Sunday, April 11, 2010

Houses, Birds, Flowers & Of Course Music & Food

We drove to New Iberia to tour Shadows-on-the-Teche, a very well preserved plantation house that is a National Trust Historical Site. Shadows, a blend of Classical Revival and Louisiana Colonial style, was built in 1834 by David Weeks and remained in the Weeks family until 1958 when it was turned over to the Trust. The first floor of the home was used by Union soldiers during the Civil War but was not burned when they left. The story is that this was because of the strong will of Mary C. Moore (the remarried wife of the original builder) who continued to live on the second floor, and died there, while the Union soldiers were using it. After the war Mary's son, William, lived there until his death in 1895 and ran the sugar cane plantation with former slaves hired to do the work. It then fell into disrepair until 1922 when Mary's great grandson, William Weeks Hall, an artist, moved in and began to repair the home to its old grandeur. William restored the gardens as well the the house. Many famous people from Cecil B. DeMille to Walt Disney visited the home during this period. Many of these famous visitors signed their names on one of the interior doors. The Weeks family were all pack rats so the lives of the family members are well documented and the furniture is about ninety percent original since they threw nothing away. Over 17,000 documents were found during renovations. This is a beautiful example of homes of the plantation era and also a reminder of the fact that the wealth of the owners was acquired through the use of slave labor. That said it is well worth a visit.

The front entrance of Shadows. The stairs to the upper floors were on the exterior. The families main living area was on the second floor.
Today's visitors walkway to the home. The azaleas were beautiful.
The back of the house, with its second story porch, faced the Bayou Teche. The house has large porches on both sides so windows could be open for cross ventilation. We are seated under an old, old oak.

Beautiful flowers with the muddy brown Bayou Teche in the background.

Our second house was at the Rip Van Winkle Gardens on Jefferson Island near Lake Peigneur. This home was built in 1870 by actor Joseph Jefferson who often played the role of the Washington Irving character Rip Van Winkle. The island and home sit atop a a salt dome that was mined until 1980. In 1917 the land and home were purchased by John Lyle Bayless and E.A. McIhenney of Tabasco fame. In the 1950's they began to develop the gardens with plans to turn it into a conference and entertainment center for meetings and weddings. These plans took a real hit on November 20, 1980 when an oil drilling rig pierced the mine and the lake began to rapidly drain into the salt mine below. The fifty people in the mine were all able to get out safely. The Bayless home, a 1/2 acre conservatory, new welcome center and even barges working in the lake were sucked into the vortex that swallowed the entire lake and 65 acres of land. A temporary waterfalls was created as the water in the channel, that used to flow to the gulf, began rushing in to refill the lake with salt water. The new welcome center, cafe, theater and the restored mansion were opened in 1984. This is a nice stop and the video on the draining of the lake is very interesting.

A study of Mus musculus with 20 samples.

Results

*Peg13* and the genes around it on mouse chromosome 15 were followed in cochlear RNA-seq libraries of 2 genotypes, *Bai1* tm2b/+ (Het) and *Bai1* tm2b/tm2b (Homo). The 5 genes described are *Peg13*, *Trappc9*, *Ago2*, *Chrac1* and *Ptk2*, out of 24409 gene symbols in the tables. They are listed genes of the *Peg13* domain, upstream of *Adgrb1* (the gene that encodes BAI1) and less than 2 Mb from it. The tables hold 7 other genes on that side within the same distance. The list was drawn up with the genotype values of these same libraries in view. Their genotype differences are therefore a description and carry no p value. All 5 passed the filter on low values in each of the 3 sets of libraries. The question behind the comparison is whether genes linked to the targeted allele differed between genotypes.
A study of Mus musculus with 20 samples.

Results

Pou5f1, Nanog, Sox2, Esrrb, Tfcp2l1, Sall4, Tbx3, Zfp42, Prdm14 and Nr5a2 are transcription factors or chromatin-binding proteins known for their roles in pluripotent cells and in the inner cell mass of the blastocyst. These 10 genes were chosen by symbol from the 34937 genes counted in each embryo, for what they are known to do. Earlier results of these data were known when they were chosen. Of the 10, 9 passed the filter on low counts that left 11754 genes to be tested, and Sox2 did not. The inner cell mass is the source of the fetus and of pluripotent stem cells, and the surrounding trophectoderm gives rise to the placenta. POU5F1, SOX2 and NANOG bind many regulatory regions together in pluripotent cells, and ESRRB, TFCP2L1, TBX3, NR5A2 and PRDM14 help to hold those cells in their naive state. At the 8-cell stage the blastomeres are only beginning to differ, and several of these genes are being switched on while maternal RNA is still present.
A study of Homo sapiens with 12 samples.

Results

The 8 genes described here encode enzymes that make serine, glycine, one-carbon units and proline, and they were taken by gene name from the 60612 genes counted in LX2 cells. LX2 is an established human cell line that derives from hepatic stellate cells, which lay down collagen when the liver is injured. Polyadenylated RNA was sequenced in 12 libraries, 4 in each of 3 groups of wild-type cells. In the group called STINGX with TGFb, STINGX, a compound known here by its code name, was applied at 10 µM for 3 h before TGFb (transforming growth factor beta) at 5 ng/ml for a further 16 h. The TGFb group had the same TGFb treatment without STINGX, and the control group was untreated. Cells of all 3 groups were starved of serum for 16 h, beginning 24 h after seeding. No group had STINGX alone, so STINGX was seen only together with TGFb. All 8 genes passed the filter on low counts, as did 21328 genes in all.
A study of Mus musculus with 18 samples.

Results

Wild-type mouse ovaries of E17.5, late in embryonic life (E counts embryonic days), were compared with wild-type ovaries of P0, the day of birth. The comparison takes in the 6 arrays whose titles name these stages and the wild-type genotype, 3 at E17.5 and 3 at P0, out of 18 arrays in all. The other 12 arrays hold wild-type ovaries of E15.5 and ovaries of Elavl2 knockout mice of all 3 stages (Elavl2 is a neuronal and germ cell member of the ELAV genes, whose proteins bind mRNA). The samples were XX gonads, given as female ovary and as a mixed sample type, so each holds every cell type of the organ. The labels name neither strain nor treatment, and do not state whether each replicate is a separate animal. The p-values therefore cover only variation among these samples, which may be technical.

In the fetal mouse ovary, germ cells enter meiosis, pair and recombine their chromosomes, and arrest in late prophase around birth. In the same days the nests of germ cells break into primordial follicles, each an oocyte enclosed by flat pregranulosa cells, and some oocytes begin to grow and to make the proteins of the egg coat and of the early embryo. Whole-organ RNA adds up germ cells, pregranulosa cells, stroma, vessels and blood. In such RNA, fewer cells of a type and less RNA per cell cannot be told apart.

A huge bird rookery on Lake Peigneur at the entrance of the gardens.

The restored Jefferson mansion is a combination of Moorish and Steamship Gothic architecture. We did not get to tour the house as it was very busy the day we visited.

The chimney is all that remains of the Bayless home destroyed in 1980. There are still some trees that were toppled into the water and telephone poles that were once on dry land.

The garden has many sculptures, a fountain and an Oriental pavilion along the paths that wandered through the large variety of plants. The peacock and turkey had the run of the place.

We returned to Betty's for a short happy hour and then the group went to Magdalen Square to listen to the music of the Donny Broussard All-Stars. The concert was to raise money for the restoration of the Frank's Theater in Abbeville. There was much toe tapping and a few dancers in the crowd. After a couple hours of music we all headed to the Riverfront for dinner. Music, food and culture are all important when visiting Betty's and Acadiana.

1 comment:

MarkandRenita said...

Great post! I love the story of the lake draining in 1980!